The layered quality of each song really adds to the depth of IV. Each track has so many variables that spread out each sound and make every song feel like an experience. Coming from III and Sour Soul, it is incredible just to hear how BBNG has progressed even within the last year and as the band continues to grow, so does their sound. III materialized as more than just as an album as the actual sound of the record seemed to be its own entity. I really loved the production work on III, and BBNG only seems to become better and better with each release.
IV combines all the elements of their previously released content, as each song has a bit of each album release under it wing to support the base. A song like “Lavender” which has a feature from Kaytranada who helps out on the percussion and the CS-60, have more of a hip-hop or rap vibe. The CS-60 gives the track those low, crunchy sounding synths and Kaytranada seems to be everywhere with influences and appearances through BBNG’s career.
Other songs like “IV” and “Chompy’s Paradise” have a Jazzier influence as “IV” is a sprint of a song, creating a blast of saxophone wails and quick drums beats. On the other hand, “Chompy’s Paradise” is a smoother, Jazz club sounding track with melodic synths adding to the area of the song, the saxophone solo and the soft piano keys steal the song away as they sound so perfect together and the whole track is excellent from start to finish.
While BBNG is a primarily instrumental band, they do bring in some friends to complete some vocalization on some of their songs and it was a nice addition to the traditional instrumental work. I still love the instrumental works on IV, but the song “Time Moves Slow” is one of the best songs of BADBADNOTGOOD’s discography to date. It just has such exceptional instrumentation and the lyrics from Sam Herring seem to be so personal that they almost hurt to say out loud. “Loving you was easy, it was you leaving that scarred,” I just loved this song from start to finish and it might be my personal favorite on all of IV.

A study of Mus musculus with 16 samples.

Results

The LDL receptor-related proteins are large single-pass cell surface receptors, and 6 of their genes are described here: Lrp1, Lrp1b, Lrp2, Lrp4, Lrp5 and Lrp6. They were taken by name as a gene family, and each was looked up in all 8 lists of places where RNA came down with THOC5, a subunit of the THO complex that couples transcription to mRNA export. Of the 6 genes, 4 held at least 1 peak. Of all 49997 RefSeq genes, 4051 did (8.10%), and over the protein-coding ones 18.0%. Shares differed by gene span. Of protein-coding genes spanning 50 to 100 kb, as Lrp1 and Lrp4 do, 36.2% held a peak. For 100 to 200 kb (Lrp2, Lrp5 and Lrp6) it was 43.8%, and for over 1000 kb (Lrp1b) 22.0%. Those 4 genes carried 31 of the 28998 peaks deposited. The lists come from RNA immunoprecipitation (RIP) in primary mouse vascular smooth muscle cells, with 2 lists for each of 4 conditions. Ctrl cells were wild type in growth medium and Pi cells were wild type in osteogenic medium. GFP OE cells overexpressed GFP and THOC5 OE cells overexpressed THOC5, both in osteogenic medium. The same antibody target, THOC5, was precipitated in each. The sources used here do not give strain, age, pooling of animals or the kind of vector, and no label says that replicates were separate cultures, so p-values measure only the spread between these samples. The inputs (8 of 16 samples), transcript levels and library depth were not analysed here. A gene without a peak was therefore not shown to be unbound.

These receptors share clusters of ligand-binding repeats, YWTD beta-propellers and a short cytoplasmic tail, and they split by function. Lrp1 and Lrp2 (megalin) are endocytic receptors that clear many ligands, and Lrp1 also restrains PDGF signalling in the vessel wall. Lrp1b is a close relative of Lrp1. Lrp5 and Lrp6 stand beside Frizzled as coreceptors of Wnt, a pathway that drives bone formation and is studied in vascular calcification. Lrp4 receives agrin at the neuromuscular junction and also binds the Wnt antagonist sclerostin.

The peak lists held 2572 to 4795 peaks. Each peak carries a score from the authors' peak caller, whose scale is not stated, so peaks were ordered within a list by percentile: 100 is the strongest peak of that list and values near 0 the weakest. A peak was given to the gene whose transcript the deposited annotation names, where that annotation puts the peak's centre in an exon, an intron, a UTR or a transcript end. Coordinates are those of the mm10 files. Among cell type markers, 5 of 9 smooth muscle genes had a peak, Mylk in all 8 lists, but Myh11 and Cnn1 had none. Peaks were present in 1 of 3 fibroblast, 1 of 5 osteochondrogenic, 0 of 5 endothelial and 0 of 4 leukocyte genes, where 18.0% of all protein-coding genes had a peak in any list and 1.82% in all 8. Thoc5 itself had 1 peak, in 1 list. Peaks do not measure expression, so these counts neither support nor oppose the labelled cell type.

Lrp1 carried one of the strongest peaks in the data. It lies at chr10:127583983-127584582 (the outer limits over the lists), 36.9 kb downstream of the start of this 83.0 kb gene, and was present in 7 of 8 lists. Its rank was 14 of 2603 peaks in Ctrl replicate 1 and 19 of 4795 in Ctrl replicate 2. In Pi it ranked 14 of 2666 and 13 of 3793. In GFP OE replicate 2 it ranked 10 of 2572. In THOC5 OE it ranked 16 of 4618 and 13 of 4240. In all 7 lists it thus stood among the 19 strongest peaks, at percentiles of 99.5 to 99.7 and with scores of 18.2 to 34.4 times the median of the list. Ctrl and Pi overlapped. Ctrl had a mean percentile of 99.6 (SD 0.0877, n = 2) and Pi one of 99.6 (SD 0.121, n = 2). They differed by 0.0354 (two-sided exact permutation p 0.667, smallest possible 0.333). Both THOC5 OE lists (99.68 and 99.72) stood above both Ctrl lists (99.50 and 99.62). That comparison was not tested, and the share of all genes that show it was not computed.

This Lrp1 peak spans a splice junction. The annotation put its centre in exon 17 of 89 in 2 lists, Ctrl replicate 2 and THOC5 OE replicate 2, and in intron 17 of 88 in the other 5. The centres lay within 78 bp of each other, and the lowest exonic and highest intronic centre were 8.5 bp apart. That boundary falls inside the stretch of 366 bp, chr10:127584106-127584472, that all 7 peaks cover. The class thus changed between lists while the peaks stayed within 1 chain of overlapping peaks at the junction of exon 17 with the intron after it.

IV sounds more experimental than its predecessors, but that adds charm and the fun of listening to this record. It provides a new experience and BBNG did a great job on the collaborations to bring vocalization and some different talent onto IV. I would just love to witness the studio sessions where they recorded some of these parts and made the songs into what they are now.
IV is the perfect album for going on a midnight drive as the songs vary from blazing fast jazz, slowed down soft-spoken songs, to the then thumping 808 and synth using beat style. BBNG keeps some tricks up their sleeves and while I will not spoil the album. IV is a welcome addition to the BBNG name and as their releases continue to get better and better, I can only imagine what will happen when we see the release of V. As their Bandcamp page states “IV continues their forward thinking progression, sounding something like a jam session in space between Can, John Coltrane, Herbie Hancock’s Headhunters, Weather Report, Arthur Russell & MF DOOM.” I couldn’t agree any more with this statement and IV not only brings genres together, but it breaks barriers down.